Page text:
Amazon.com said Friday that it was searching for and canceling auctions of World Series tickets on its auction site because of New York's anti-scalping laws.
"We were notified that New York state law prohibits a lot of sales that were going on," said Eric Orpet, who leads Amazon's effort to monitor its auction listings for illegal and infringing items. "We felt it was a good idea to keep (the ticket auctions) off the site."
Similar auctions were canceled on eBay.
On eBay's site Friday, several auctions for the tickets had been canceled. In one, bidding reached $1,000 before it was canceled and the following notice was posted: "The item you requested (471791154) is invalid or no longer in our database. Please check the number and try again. If this message persists, the item has expired and is no longer available."
Fans desperate for tickets to the Subway Series between the New York Mets and the New York Yankees can still find them on Yahoo's auctions area. But the prices aren't cheap: bids have reached more than $2,000 for a pair of tickets.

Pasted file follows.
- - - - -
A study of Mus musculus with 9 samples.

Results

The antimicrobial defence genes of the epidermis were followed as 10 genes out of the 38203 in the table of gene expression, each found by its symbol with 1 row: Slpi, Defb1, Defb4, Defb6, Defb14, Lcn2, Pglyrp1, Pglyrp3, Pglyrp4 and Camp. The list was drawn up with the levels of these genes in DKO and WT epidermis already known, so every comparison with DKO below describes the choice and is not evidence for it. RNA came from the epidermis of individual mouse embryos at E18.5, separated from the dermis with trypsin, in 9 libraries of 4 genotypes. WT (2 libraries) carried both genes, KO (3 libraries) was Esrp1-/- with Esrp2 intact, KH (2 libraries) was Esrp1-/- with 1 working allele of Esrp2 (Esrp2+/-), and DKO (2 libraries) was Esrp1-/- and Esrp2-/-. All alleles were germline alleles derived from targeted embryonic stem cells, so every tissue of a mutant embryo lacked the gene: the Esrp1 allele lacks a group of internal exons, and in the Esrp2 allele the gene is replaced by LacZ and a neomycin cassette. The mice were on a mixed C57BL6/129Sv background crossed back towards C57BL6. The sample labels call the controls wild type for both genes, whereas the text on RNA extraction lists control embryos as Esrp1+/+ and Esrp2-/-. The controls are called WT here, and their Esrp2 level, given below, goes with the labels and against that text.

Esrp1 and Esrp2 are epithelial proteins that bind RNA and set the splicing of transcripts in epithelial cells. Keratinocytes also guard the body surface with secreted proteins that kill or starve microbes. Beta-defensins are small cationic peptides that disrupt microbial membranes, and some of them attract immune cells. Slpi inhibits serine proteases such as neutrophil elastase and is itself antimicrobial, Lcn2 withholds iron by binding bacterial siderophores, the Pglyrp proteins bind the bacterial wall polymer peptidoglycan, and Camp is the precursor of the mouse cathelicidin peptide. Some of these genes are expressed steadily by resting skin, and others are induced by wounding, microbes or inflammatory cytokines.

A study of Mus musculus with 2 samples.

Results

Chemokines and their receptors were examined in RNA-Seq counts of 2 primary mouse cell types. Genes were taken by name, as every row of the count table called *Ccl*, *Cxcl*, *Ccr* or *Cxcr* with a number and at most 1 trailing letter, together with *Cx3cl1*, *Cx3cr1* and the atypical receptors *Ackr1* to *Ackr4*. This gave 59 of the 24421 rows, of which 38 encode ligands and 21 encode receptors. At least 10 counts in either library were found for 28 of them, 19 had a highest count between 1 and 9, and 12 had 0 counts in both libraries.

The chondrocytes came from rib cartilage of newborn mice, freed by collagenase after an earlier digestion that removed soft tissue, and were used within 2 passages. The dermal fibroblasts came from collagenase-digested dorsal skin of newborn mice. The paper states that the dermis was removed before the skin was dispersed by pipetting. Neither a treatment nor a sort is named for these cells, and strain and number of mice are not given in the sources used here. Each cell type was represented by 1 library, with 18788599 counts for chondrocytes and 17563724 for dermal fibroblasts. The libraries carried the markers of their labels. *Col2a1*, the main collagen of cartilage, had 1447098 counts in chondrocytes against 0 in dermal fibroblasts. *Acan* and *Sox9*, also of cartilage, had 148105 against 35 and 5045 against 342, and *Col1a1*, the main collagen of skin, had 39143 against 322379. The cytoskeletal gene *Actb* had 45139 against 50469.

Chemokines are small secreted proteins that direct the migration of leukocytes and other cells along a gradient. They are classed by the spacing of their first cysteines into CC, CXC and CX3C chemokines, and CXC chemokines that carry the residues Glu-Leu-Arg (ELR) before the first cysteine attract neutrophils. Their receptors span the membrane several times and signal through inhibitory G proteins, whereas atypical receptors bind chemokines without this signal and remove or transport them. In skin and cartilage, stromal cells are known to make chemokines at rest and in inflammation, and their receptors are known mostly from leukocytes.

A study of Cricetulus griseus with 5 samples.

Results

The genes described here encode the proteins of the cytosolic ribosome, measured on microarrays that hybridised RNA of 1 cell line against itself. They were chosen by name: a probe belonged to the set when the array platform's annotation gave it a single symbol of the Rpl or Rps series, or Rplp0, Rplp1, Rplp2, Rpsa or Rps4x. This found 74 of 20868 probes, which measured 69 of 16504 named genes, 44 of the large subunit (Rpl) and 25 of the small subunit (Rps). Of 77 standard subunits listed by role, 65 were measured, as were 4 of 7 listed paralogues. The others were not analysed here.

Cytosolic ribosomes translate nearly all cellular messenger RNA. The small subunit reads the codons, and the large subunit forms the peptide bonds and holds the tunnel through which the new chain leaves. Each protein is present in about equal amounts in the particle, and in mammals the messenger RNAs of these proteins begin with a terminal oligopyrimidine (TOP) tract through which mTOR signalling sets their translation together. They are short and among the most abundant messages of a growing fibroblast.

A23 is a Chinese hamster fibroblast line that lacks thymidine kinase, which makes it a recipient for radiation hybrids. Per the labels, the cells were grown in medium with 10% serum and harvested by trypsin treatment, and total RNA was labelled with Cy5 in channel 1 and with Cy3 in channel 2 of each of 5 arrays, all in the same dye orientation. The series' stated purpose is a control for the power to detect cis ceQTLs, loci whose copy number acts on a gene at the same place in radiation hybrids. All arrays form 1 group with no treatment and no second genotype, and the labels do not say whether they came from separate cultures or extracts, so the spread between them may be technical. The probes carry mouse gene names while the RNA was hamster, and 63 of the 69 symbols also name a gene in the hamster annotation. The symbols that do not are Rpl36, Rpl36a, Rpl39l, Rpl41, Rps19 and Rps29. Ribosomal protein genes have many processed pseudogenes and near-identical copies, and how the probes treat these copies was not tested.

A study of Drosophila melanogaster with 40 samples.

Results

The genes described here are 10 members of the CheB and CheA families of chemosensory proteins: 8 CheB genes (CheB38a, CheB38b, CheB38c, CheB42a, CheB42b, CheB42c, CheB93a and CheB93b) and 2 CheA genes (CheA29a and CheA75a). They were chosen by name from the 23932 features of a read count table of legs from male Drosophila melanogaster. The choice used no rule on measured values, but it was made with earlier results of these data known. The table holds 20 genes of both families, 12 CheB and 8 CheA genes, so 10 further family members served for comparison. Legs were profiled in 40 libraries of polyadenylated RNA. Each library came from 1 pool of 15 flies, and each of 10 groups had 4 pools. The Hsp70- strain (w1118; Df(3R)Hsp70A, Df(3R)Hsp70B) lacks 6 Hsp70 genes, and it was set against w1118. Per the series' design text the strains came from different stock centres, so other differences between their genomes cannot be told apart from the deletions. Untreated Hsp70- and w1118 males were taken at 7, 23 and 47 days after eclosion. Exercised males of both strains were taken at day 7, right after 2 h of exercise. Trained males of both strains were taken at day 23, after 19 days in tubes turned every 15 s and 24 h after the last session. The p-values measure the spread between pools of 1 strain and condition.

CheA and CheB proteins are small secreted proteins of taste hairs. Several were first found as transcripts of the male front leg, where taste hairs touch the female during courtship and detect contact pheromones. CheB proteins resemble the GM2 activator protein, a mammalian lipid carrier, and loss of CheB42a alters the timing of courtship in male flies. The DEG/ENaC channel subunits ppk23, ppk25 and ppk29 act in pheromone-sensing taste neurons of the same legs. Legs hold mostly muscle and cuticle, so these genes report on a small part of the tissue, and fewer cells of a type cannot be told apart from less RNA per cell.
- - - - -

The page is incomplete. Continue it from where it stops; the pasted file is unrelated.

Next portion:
The World Series is only the latest high-profile event for which sellers have turned to online auctions to sell tickets. This spring, dozens of ticket holders sold or attempted to sell tickets to the NCAA basketball tournament on eBay and other online auction sites.
New York state law prohibits the sale of tickets for $5 or 10 percent more than the face value of the ticket, whichever is greater, according to Kevin Ortiz, a spokesman for the New York City Department of Consumer Affairs. Although Ortiz said that the department had not worked with eBay on the specific issue of sales of World Series tickets, he said that the department had been in contact with eBay in the past about other ticket sales.
"They are aware of the law," Ortiz said.
eBay and Yahoo representatives did not respond to calls on Friday.